Consider 5 weights, each of weight 100 N and cross-sectional area 0.10 m2, stacked one on top of another. If an unfortunate spider somehow got itself wedged between the 2 weights at the bottom, it is going to be subjected to a pressure of .
Now consider a cylindrical volume of water (held in a beaker, perhaps). At a depth of h below the water surface, the pressure must be equal to the weight of the water mg above that height, divided by the circular cross-sectional area. Writing the expression in terms of the density of water ρ, we get
This is called the hydrostatic pressure or static fluid pressure.
Obviously, water is different from a stack of weights. Unlike a solid where molecules are strongly bounded and fixed in position in a rigid molecular structure, a liquid has molecules which are loosely bounded and are free to “wander around” in a fluid molecular structure. As such, water always flows downward and sideward, until it fills the container and takes the shape of the container. The container is required to provide the horizontal forces to “hold up” the water.
Pressure acts in all direction
This means that besides vertical compression caused by gravity (fun fact: seawater is 4% denser at 10, 000 m depth), a fluid is also subjected to horizontal compression. As such, every molecule in a fluid exerts repulsive forces against all the surrounding molecules in all directions. This leads to the unique property of fluids: pressure “acts in all directions”. (Do realize that pressure, as a scalar quantity, has no direction. It is the pressure forces that act in all directions).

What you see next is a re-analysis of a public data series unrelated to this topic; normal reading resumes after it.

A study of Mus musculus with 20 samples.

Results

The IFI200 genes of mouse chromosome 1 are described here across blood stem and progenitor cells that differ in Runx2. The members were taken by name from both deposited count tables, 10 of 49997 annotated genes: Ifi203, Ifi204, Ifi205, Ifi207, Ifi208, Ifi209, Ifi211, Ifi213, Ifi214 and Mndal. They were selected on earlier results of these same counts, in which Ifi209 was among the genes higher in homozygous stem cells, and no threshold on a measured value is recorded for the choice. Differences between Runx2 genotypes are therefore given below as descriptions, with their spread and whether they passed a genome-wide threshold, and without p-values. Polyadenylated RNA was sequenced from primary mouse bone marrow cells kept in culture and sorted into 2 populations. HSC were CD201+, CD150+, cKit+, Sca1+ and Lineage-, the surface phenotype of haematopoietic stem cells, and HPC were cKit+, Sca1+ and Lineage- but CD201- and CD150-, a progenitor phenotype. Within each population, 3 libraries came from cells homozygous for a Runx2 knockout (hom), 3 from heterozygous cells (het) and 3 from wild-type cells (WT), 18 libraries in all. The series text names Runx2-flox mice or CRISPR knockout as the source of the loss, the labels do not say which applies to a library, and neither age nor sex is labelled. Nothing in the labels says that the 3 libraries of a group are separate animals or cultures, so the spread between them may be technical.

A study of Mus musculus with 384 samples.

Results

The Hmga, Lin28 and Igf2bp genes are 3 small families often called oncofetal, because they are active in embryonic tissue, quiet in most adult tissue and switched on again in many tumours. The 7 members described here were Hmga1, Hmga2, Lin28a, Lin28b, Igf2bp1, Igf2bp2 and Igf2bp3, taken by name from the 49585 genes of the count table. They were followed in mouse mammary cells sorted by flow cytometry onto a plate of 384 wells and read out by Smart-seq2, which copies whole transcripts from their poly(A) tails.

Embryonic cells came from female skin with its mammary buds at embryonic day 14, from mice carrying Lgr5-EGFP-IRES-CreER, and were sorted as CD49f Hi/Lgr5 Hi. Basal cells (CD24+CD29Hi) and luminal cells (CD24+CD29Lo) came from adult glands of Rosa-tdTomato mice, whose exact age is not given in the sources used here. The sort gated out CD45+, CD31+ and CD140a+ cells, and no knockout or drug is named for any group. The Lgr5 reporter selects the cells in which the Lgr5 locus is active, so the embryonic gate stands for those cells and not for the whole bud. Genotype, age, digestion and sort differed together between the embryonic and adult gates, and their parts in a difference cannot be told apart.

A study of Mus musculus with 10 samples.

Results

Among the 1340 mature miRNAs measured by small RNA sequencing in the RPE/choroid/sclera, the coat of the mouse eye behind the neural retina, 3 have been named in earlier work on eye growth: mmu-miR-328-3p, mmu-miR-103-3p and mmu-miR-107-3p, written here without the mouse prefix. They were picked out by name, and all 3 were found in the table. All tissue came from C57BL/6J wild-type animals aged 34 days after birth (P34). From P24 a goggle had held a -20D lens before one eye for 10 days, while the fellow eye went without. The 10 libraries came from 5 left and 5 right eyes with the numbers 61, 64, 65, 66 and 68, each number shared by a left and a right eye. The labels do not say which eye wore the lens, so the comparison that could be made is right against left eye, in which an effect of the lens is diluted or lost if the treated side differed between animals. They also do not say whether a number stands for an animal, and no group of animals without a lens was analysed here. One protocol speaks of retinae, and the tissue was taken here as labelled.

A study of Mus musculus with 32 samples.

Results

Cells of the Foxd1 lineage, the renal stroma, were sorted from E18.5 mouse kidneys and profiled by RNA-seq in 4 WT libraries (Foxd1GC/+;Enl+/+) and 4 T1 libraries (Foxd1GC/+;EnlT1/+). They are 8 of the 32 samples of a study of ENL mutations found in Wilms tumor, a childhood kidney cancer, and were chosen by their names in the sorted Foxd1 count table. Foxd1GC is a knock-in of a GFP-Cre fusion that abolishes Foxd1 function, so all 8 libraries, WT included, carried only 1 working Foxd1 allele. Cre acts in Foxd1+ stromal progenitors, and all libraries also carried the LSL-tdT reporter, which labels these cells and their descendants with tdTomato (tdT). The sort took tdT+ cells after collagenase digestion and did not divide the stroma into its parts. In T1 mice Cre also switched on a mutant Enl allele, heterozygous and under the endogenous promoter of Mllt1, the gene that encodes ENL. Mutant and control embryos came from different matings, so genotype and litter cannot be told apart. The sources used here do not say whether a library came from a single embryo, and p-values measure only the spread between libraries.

Fluid pressure depends only on vertical depth
Remember that the compression of the fluid is caused by the weight of the fluid. Since gravity acts vertically, the compression should only increase vertically with depth. Horizontally, at any given height, the compression should be uniform. (Keep in mind that the molecules in a fluid are free to “wander around”. If the compression at any given horizontal level is not uniform, there will be unbalanced horizontal forces to move the fluid around until the horizontal pressure is equalized.) This results in another property unique to fluids: fluid pressure (at any point in the fluid) is only dependent on the vertical depth (from the top surface), regardless of the shape of the fluid. In other words, the formula holds even if the container does not have a uniform cross sectional area.
We are literally submerged at the bottom of a deep ocean of air, aka the Earth’s atmosphere. The atmosphere’s own weight is causing itself to be pressurized. What the atmosphere lacks in density (of the order of 1 kg per m3 at sea level, dropping with altitude) is more than compensated for by its sheer size (roughly 20 km of air above us). This results in a formidable atmospheric pressure (at sea level) of about 100,000 N per m2.